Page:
I started my comment on Marty Isaacs' answer with "@Marty Isaacs". But after saving the comment, the @... disappeared. What's the reason for this behavoir of the system ?
4$\begingroup$ Sure. When you are addressing the author of a post, it's not necessary to use the @; the author will get notified automatically, and in fact the software strips the @ way. If you want to address another party who has participated in the thread, then you need the @. $\endgroup$– Todd Trimble ModFeb 8, 2016 at 0:32
1$\begingroup$ @Todd Trimble: In my opinion this feature (i.e. stripping the @) is confusing and useless. But anyway, thanks for your quick reply. $\endgroup$– Todd LeasonFeb 8, 2016 at 0:38
1$\begingroup$ Tangentially, it is in general better not to leave a space when forming the notifying string, which is also what auto-complete does. The reason is that the system searches for the first space after the @ and matches the string in between (slightly tweaked) to the start of potentially meant user names. For example for the purpose of notification "@Todd Trimble" and "@Todd Leason" are identical. Both will notify the last user in the conversation whose display name starts with Todd (or something equivalent to it).` $\endgroup$– user9072Feb 8, 2016 at 6:28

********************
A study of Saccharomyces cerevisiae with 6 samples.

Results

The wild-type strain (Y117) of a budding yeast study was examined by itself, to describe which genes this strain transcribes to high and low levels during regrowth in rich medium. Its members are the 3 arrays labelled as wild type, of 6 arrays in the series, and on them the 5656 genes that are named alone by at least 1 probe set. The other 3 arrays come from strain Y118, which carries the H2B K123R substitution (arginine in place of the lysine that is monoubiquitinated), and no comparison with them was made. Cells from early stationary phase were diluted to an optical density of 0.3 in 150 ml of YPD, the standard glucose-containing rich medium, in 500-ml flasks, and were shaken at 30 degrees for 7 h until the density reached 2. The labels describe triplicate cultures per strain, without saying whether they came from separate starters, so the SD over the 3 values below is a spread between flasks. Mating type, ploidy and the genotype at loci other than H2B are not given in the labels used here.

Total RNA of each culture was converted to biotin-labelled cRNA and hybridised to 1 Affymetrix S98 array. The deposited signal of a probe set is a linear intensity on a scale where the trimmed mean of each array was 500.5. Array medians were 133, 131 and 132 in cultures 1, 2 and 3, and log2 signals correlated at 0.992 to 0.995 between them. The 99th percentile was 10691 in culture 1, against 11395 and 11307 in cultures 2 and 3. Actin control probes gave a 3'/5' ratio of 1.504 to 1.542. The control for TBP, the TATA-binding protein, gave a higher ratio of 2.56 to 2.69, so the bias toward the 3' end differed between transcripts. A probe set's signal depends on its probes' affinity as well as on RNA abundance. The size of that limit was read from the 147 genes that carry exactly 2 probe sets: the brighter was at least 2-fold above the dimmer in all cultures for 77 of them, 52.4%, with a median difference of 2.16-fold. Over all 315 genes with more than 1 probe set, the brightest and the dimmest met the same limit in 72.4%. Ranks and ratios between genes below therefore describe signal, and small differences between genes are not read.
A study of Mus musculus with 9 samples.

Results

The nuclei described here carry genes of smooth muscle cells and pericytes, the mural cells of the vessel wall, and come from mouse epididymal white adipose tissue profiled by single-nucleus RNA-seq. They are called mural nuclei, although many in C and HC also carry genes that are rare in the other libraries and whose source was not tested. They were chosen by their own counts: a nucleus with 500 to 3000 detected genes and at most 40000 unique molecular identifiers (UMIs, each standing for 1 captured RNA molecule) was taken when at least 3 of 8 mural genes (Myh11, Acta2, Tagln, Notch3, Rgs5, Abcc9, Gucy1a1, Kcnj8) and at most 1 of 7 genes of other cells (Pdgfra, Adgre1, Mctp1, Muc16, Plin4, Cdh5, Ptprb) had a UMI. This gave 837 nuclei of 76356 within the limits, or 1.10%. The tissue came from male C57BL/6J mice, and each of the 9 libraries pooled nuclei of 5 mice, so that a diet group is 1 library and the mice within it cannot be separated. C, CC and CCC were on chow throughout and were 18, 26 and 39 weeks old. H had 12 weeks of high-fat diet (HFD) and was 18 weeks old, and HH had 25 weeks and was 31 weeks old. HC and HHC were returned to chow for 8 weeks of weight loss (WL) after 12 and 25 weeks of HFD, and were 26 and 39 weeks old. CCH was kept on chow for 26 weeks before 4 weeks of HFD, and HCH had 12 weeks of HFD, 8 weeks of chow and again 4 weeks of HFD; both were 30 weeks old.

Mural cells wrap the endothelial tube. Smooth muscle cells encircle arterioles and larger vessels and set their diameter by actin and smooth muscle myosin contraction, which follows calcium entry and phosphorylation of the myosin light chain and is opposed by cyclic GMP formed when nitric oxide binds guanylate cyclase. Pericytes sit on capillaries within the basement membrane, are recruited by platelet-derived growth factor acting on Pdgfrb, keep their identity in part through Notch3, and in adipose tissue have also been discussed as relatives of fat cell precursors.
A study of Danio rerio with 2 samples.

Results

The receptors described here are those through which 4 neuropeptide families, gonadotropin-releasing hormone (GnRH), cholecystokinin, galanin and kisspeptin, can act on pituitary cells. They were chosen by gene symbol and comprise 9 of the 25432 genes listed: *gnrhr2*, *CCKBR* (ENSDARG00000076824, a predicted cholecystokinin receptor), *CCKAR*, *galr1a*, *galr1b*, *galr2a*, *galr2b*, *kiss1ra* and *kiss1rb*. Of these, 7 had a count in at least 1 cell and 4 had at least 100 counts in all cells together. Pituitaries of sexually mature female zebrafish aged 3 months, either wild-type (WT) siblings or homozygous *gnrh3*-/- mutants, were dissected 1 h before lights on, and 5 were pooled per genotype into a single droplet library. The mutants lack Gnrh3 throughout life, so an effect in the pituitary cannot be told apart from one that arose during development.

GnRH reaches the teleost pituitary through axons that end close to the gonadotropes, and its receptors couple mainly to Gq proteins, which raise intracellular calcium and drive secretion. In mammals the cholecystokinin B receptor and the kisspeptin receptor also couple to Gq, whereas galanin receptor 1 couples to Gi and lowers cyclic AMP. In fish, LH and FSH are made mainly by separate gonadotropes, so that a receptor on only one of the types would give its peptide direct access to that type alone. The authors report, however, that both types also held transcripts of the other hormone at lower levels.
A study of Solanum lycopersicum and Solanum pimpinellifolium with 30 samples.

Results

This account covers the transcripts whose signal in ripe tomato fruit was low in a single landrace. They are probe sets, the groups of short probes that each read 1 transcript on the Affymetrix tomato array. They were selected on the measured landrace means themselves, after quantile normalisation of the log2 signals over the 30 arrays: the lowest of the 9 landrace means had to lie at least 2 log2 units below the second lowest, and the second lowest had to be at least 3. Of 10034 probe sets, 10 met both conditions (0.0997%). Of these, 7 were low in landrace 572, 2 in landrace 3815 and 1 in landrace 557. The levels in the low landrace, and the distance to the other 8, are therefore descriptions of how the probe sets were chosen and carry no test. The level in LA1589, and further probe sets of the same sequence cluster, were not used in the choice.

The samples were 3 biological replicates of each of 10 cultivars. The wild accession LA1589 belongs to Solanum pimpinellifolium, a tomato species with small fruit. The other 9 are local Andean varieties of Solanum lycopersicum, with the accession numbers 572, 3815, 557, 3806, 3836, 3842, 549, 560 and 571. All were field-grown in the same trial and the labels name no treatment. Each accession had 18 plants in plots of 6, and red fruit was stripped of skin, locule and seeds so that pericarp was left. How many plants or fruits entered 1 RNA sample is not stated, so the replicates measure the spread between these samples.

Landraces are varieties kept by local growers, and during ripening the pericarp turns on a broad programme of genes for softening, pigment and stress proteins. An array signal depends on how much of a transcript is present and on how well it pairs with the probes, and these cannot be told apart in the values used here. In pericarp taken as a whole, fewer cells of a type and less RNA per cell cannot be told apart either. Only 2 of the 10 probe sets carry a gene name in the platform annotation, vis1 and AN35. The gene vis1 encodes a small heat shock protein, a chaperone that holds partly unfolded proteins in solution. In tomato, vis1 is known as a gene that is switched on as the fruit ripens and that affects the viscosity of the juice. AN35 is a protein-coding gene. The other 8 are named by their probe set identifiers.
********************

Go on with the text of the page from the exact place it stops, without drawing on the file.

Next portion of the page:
You can find the full details on how comment notifications work on meta.stackexchange.
For this instance, the
@ wasn't necessary since the OP is always notified when someone comments. The main reason for this is that only the first
@ ping actually works in any comment; subsequent
@ symbols are either blocked or ignored. So unnecessary pings to the OP, especially potentially blocking ones, are automatically removed.